Costs in merits reviews? Don’t count on it

An award of costs in the Queensland Civil and Administrative Tribunal for even a successful party is not a given.

And the recent decision of AK Group Qld Pty Ltd v Queensland Building and Construction Commission No.2 [2021] QCAT 126 explores the reasons for this.

Practitioners should note that it was both the nature of merits reviews, as well as the strong contra-indication against the award of costs in these matters,1 that determined the issue.

The decision concerned an application for costs by AK Group Qld Pty Ltd (the applicants) following its successful review of two decisions by the Queensland Building Construction Commission (QBCC). The issue was significant in that the applicants sought in excess of $100,000 in costs and disbursements, while QBCC submitted there should be no order as to costs.

The decision turned on the issue of whether or not the interests of justice warranted an order for costs in light of the provisions of sections 100 and 102 of the Queensland Civil and Administrative Tribunal Act 2009.

The applicants took the position that they had always had the stronger case, as shown by the fact that the tribunal found that QBCC got the decision wrong. QBCC referred to its statutory duty to assist the tribunal in making the correct and preferable decision, its role as a regulator and that its conduct had been reasonable throughout.

The tribunal noted (at [25]) that there was nothing unreasonable in the conduct adopted by QBCC, including the cross-examination of the applicants’ expert witness. The matter involved issues of fact and credit and the testing of the evidence was justified. Crucially, the member concluded (at [26]):

“For the above reasons, I do not consider the original decisions can be categorised as ‘wrong’. The Tribunal reached a different conclusion based on an assessment of all the evidence presented including the evidence of Mr Leiper.”

The member found that the interests of justice did not warrant an award of costs in the applicants’ favour, noting (at [41]):

In particular, this was a review proceeding and I find that the QBCC did not act unreasonably in its approach to the original decision or the manner of its conduct in the proceeding including the hearing.”

The tribunal also considered the effect of an offer made by the applicants. While ultimately the tribunal found the offer not capable of acceptance (and therefore not capable of justifying an order for costs) due to uncertainty, the nature of the proceedings and the role of the QBCC were again considered by the tribunal. The applicants’ offer had contained two alternatives, one of which was that, “…the QBCC will consider observing our client’s review of the decisions in QCAT and permitting it to take its course without the additional expense to both parties of QBCC acting as contradictor”.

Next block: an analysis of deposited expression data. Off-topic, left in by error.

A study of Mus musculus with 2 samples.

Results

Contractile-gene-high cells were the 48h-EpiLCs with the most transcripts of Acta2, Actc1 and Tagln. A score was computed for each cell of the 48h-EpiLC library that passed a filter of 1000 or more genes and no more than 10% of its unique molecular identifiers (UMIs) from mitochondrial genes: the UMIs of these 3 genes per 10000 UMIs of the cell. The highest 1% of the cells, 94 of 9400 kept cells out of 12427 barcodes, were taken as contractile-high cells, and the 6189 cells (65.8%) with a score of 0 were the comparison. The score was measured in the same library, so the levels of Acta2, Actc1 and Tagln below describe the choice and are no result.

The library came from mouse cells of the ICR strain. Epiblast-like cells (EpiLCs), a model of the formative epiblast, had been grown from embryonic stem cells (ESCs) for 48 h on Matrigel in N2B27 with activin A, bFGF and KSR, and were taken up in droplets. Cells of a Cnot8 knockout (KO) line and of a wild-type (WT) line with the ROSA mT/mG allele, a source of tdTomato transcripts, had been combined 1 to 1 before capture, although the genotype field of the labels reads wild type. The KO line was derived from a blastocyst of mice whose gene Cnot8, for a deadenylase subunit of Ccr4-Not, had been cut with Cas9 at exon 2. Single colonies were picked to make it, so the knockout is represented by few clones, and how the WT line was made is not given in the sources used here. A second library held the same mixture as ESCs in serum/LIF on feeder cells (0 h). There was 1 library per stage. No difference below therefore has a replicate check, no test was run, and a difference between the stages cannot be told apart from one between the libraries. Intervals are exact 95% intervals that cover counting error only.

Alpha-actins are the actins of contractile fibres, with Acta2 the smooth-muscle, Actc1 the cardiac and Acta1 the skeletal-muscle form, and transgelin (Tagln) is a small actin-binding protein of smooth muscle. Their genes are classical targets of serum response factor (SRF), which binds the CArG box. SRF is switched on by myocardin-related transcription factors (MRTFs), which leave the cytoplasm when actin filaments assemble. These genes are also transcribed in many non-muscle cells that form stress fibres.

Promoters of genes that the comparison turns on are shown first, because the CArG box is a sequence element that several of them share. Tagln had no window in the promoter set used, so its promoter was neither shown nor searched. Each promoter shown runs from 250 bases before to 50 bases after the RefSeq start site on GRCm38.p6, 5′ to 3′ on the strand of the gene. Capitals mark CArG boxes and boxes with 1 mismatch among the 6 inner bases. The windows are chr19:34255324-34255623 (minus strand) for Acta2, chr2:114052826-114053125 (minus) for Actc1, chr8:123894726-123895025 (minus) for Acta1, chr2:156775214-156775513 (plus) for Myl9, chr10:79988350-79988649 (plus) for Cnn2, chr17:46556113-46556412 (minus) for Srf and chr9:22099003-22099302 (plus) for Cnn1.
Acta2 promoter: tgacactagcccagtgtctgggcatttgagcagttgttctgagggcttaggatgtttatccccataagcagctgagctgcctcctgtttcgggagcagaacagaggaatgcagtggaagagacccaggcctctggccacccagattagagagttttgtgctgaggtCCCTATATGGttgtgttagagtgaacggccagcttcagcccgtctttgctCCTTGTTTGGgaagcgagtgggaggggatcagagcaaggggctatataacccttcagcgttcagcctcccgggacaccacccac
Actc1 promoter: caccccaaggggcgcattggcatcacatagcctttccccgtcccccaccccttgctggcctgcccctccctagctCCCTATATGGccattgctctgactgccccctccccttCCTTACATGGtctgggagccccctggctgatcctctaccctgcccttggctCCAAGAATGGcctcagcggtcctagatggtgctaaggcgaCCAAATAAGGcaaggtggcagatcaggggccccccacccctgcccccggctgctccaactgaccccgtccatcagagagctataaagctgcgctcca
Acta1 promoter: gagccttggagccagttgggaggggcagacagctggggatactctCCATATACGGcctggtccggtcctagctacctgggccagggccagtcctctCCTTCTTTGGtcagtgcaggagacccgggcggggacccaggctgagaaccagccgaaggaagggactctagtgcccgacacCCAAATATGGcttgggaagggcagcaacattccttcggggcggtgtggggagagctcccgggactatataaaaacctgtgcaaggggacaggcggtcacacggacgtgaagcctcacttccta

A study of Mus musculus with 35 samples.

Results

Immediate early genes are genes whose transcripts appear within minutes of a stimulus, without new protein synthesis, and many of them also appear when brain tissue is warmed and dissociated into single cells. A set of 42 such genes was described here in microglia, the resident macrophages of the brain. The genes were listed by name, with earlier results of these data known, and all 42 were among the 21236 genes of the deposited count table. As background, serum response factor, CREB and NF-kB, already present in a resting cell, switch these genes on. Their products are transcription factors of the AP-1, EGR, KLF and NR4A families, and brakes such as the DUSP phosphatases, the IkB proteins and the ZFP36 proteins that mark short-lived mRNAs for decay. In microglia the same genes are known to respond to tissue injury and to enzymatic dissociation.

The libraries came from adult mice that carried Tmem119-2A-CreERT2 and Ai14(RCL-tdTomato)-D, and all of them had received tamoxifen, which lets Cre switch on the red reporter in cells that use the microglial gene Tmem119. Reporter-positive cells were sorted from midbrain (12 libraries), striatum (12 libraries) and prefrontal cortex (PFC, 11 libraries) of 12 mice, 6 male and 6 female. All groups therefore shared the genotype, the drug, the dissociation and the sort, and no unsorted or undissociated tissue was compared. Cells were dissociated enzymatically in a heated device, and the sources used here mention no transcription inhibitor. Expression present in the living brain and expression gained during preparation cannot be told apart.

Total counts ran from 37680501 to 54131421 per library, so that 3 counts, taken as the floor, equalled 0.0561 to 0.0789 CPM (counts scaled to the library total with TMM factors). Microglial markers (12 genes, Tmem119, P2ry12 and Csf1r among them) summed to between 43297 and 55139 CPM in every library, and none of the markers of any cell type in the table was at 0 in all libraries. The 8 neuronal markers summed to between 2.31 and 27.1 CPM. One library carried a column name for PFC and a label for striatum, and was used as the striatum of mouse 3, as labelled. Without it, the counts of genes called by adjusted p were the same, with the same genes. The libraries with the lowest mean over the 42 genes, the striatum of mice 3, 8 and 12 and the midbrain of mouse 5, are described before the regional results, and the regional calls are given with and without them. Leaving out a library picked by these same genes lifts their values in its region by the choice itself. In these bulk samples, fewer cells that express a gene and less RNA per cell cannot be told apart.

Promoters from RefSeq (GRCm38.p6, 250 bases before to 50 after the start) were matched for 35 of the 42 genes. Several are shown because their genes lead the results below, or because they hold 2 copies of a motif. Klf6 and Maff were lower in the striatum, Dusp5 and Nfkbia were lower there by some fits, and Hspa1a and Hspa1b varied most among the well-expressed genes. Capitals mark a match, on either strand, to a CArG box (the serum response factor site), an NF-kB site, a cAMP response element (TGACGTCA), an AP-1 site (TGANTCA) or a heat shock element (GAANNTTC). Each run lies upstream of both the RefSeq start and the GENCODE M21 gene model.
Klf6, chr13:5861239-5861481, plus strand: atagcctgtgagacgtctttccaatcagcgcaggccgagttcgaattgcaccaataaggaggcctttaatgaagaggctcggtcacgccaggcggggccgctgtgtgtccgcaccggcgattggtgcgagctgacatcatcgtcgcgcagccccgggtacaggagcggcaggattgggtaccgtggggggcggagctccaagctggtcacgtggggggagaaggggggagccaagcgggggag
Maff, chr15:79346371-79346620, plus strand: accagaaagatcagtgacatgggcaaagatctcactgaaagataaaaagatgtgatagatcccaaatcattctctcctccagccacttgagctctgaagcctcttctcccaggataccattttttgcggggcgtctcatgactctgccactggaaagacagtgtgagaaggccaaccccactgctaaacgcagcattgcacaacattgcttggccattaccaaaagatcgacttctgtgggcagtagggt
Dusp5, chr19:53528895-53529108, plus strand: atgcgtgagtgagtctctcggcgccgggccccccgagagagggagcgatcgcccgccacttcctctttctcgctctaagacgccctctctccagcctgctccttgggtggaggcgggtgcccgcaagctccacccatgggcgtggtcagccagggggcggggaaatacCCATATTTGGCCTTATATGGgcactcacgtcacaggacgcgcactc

The tribunal considered and rejected that course being open to the QBCC, noting (at [49]):

“I accept the QBCC’s contention that it does not act as a ‘contradictor’ in a review proceeding. As noted above, the QBCC has a statutory obligation to assist the Tribunal pursuant to s21 of the QCAT Act. In my view, for the QBCC to only take a ‘passive role’ in the proceeding would be contrary to such obligation.”

Ultimately, the tribunal did not award the applicants their costs, other than the filing fees for the applications (totalling $704).

The emphasis that the tribunal put on the nature of merits review proceedings, the role of the QBCC and its conduct during the proceedings is significant. Practitioners should note this and ensure that clients are well aware that recovery of costs in these proceedings is rare, and not determined by the outcome of the review.

Footnote
1 Per Wilson J in Ralacom Pty Ltd v Body Corporate for Paradise Island Apartments (No.2) [2010] QCAT 412 at [29].


  1. Not only are costs not guaranteed when the Regulator wins. The Regulator can get costs when it “loses”.

    Lazarevski, L. v QBSA (No. 2) [2003] QCCTB 12 (1 December 2004)
    Is authority for the proposition that an unsuccessful Respondent Regulator can get costs against a successful Applicant (under the old QBSA ACT).

    In that case until the oral evidence of the Applicant was presented, which had not previously been presented to the regulator, the Regulator was correct in refusing the application. The regulator successfully argued that if the oral evidence been presented before the hearing, the Regulator would have come to the same decision as the Tribunal. The Regulator successfully sought costs against the Successful Applicant as the Applicant had caused litigation that was not necessary.